In the United States pet therapy began with psychiatric patients. Researchers found that contact with animals helped patients open up and connect with the world around them. Since that time; animals have proven beneficial in a wide range of institutions including; prisons, hospices, hospitals, schools and nursing homes.
Pet therapy; while enjoyable for the handler and the animal, is proven to have significant affect on patients. Contact with an animal is proven to lower blood pressure, and can also possibly release those wonderfully natural occurring chemicals in our bodies known as endorphins which give an over-all sense of well-being. Petting, grooming or feeding an animal can assist with developing fine motor skills. Pets help lower depression by encouraging people to express themselves more openly (it can be very difficult not to smile or talk to an animal that is pouring unconditional love and affection on us). Communication is also encouraged with the use of verbal commands to generate a response from the animal. Cognitive skills and communication are also enhanced by encouraging patients to write about their experiences with pet therapy. In addition; pets are a stimulus for healthy living by creating a need to exercise, they keep us busy and can even make us feel safer and less lonely. They also encourage social behavior by increasing the desire to interact with others who enjoy pets.
Dogs are the most commonly used therapy animal; however, cats, birds, horses, rabbits and other domestic pets are successfully screened and trained for therapy programs every day.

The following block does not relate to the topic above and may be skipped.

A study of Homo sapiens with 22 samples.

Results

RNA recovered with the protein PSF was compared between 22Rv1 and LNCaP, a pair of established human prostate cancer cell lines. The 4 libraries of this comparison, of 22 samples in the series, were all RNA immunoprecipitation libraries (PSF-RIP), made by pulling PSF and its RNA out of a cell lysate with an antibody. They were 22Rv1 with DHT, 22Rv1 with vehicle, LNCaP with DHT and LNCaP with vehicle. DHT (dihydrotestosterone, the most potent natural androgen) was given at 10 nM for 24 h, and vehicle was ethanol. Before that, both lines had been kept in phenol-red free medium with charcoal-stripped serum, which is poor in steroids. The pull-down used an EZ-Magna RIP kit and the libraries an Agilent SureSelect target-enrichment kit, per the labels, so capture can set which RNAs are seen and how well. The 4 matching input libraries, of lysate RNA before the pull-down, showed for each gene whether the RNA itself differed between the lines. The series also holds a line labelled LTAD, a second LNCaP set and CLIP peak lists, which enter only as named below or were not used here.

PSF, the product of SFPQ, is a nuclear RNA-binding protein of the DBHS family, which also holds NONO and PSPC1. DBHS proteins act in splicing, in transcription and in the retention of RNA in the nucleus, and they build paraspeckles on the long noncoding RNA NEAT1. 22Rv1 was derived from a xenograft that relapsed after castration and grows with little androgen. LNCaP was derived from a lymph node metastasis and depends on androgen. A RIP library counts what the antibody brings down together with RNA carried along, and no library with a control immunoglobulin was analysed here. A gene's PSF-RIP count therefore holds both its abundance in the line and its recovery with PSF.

Pets in general far outweigh the benefits of pills in more situations than most people consider. From a personal prospective, even on my most significant pain days I know that I have someone depending on me to get up and get mobile and many times, I find that once my mind is focused on that, it is too busy to focus on the pain. While the pain is still there, it is not as prevalent for those moments. My animals (I have three dogs and two horses) tend to understand my mood, my physical condition and my needs before I do. I have lost count of how many times they’ve encouraged me to move when I’ve sat still too long. My horses patiently allow me to lean on them when I get weak and they nudge me for hugs and kisses on their noses. The dog I’ve had the longest even alerted me once of some embers that had ignited in the pail after I removed ashes from the fireplace. I had left the room for only a moment but the change in her tone and the urgency of her bark alerted me something was truly wrong.
Regardless of how my disease progresses, there will never be a time I will be without the healing touch of an animal.